At the chaplaincy of a large Parisian university, Inès, who is 20 years old, shares her testimony with a smile on her lips, contagious joy, and a touch of humor. Today, the young woman is a catechumen and is on her way to baptism. Inès seems radiant and fulfilled in her new life as a Catholic, certain that she has chosen the right path. “Discussions with me after five minutes return to questions of faith … in a way that’s quite inexplicable!” she exclaims.
Last summer she discovered street evangelism. “It’s about going to meet someone as Christ would.” Opposing the rhetoric of self-indulgence leading to happiness, the young girl is convinced that what really makes people happy is Christ. She’s also very involved in her school’s chaplaincy program. For Inès, faith is a precious gift that she wants to share, and she incarnates this grace on a daily basis through the joy she transmits.
But Inès hasn’t always been Catholic. Raised in Islam since her birth, the young woman had no doubt that the Muslim faith was the right one until 2021. She believed that “if you had to believe in God, it was through Islam, and nowhere else,” she recalls. The faith of this brilliant philosophy student was mainly intellectual.
Looking back on her life, she now realizes that the experiences of faith she had as a child were a sign that God had long been preparing her for conversion. She remembers being in a car with her uncle at age 7 when she was suddenly “struck completely as if by lightning.” She felt “caught up in the power of God.” These moments occurred several times during her adolescence, a period marked by doubts.
“In my previous life, I had moments of real spiritual aridity. I went off in all sorts of directions thinking I was looking for myself, without seeing that there was another problem upstream,” she explains. “I needed to know who God was for me, the role he played in my life, and who I was in relation to him, a question to which Islam does not give an answer.”
Finding answers in Catholicism
Today, everything is clearer for Inès, who has found invaluable resources in Catholicism. While she had “a bit of an intellectual faith” before, Inès’ conversion was primarily spiritual. She realizes that “her way of living her own interior life is not at all the same” since she became a Christian. Her faith is much more incarnate, and her relationship with God has also changed a lot. Particularly sensitive to the mystery of the cross, she feels perpetually accompanied by God, especially in suffering. Called and touched by Christ, she explains, “Jesus is the person of the Trinity who reconciled me with God.”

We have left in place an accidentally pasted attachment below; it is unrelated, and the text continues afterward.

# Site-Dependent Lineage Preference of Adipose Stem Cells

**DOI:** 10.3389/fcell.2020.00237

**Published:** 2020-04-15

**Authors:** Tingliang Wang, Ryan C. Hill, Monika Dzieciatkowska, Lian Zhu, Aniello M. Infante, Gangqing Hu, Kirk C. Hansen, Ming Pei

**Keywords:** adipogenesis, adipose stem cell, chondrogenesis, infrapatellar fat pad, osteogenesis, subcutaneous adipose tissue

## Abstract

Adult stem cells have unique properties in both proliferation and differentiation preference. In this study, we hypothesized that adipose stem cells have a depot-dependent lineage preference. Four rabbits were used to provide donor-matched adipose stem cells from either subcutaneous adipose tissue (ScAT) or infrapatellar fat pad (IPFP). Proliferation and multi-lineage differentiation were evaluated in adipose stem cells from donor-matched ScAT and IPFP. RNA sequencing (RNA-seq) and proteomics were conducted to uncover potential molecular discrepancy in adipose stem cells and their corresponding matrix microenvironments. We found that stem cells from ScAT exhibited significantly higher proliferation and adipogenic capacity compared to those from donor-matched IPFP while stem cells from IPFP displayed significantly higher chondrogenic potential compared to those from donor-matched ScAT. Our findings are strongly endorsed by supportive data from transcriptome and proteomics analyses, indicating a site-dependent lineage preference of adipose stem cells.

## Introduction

During her first year of studies in literature, she went through a particularly difficult ordeal and her life took a considerable turn. At that moment the young woman rejected God, considering him responsible for her suffering.
“If Jesus hadn’t come to save me, I think I would’ve lost my faith,” she says today. One day when she was in deep despair she walked into a church. Staring at a cross, she didn’t “see” anything, but she heard a message. As surely as if someone were speaking to her, she felt Jesus invite her to lay everything down on him: “You don’t have to carry this.” The moment she left the church, Inès knew that “something had changed very suddenly.”
Some time after her first conversion, Inès was once again faced with trials and uncertainty. Once again, Christ came to her “in a way that was a little different from the first time, which was very beautiful and very free.” It was then that she said to herself: “too bad for my parents,” knowing they would not find it easy to accept her conversion. She came across the words, “He who puts his hand to the plow and looks back is not fit for the kingdom of God,” which solved everything for her. “We haven’t cut ties, but it’s not easy.”
Her relationship with her family is complicated, as they are still practicing Muslims. Inès prays every day for their conversion, as well as that of all Muslims. She experiences the sense of community that is characteristic of Christianity with her friends and her chaplaincy. “This joy of sharing the faith with your brothers and sisters, with the Body of Christ, the communion of saints that creates this bond,” is something she did not have in Islam, which she describes as “a rather individualistic religion.”
Reading the lives of saints
Today, Inès regularly reads the lives and writings of saints. She says that she finds “an inestimable richness” in the writings of St. Alphonsus de Liguori. “I think he touched me because of my relationship with trials, which is always very complicated.” This saint helped her to accept that “we do not choose our own crosses,” and that “it’s through the most painful crosses that we are most sanctified.” Inès admits, “It’s very difficult to say with perfect unity of heart, ‘Lord, thank you for this suffering, because it brings me closer to you if I make good use of it.’”
Her favorite Gospel? The Gospel of St. John, which has “a beauty that I find extraordinarily disturbing; the more I read it, the less I feel I understand.”
Inès feels that she has been accompanied for a long time by St. Thérèse of the Child Jesus. Inès learned a great lesson about holiness from her life. “St. Thérèse is so perfect! What spiritual difficulty could she possibly have in her life?” Behind the “somewhat smooth” outward appearance is actually an interior life of immense magnitude, “simply more hidden because it is much more hidden in the mystery of God,” she says.
On a daily basis, Inès notices a multitude of “small and extremely striking signs,” but also certain texts in the daily readings that are “extraordinarily well adapted” to her life today.